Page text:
Singapore awards death sentence via Zoom video call

The convict, Punithan Genasan, a 37-year-old Malaysian, got the death penalty for his role in a 2011 heroin transaction on Friday, court documents showed, with the country under lockdown to try and curb one of the highest coronavirus rates in Asia.
“For the safety of all involved in the proceedings, the hearing for Public Prosecutor v Punithan A/L Genasan was conducted by video-conferencing,” a spokesperson for Singapore’s Supreme Court said in response to Reuters’ questions, citing restrictions imposed to minimize virus spread.
It was the first criminal case where a death sentence was pronounced by remote hearing in Singapore.  Genasan’s lawyer, Peter Fernando, said his client received the judge’s verdict on a Zoom call and is considering an appeal.
Rights groups have criticized the use of Zoom in capital cases. Meanwhile,  Fernando said he did not object to the use of video-conferencing for Friday’s call since it was only to receive the judge’s verdict, which could be heard clearly, and no other legal arguments were presented. The California-based tech firm Zoom did not immediately respond to a request for comment made via its representatives in Singapore.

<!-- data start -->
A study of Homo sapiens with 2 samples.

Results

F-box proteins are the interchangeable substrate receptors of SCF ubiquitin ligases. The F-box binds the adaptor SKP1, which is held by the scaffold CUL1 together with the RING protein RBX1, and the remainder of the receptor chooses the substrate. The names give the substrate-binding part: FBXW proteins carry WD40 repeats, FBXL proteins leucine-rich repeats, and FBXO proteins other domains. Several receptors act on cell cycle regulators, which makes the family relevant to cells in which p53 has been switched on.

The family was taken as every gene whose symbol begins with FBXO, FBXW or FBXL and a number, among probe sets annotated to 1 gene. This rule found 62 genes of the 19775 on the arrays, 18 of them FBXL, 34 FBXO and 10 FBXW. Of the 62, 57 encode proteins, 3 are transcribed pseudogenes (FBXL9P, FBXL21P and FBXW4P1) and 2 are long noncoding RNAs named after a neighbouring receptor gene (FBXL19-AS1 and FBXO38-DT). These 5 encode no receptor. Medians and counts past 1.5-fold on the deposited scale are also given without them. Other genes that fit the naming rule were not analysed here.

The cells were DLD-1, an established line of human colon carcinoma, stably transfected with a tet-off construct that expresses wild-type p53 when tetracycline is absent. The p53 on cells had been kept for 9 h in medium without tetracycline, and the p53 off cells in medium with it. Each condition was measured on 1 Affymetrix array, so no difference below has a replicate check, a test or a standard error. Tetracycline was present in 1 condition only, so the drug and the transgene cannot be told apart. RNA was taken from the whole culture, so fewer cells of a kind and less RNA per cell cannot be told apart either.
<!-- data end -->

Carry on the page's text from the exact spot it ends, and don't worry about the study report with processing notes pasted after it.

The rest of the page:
“Singapore’s use of the death penalty is inherently cruel and inhumane, and the use of remote technology like Zoom to sentence a man to death makes it even more so,” said Phil Robertson, deputy director of Human Rights Watch’s Asia division. HRW has also criticized a similar case in Nigeria where a death sentence was delivered via Zoom.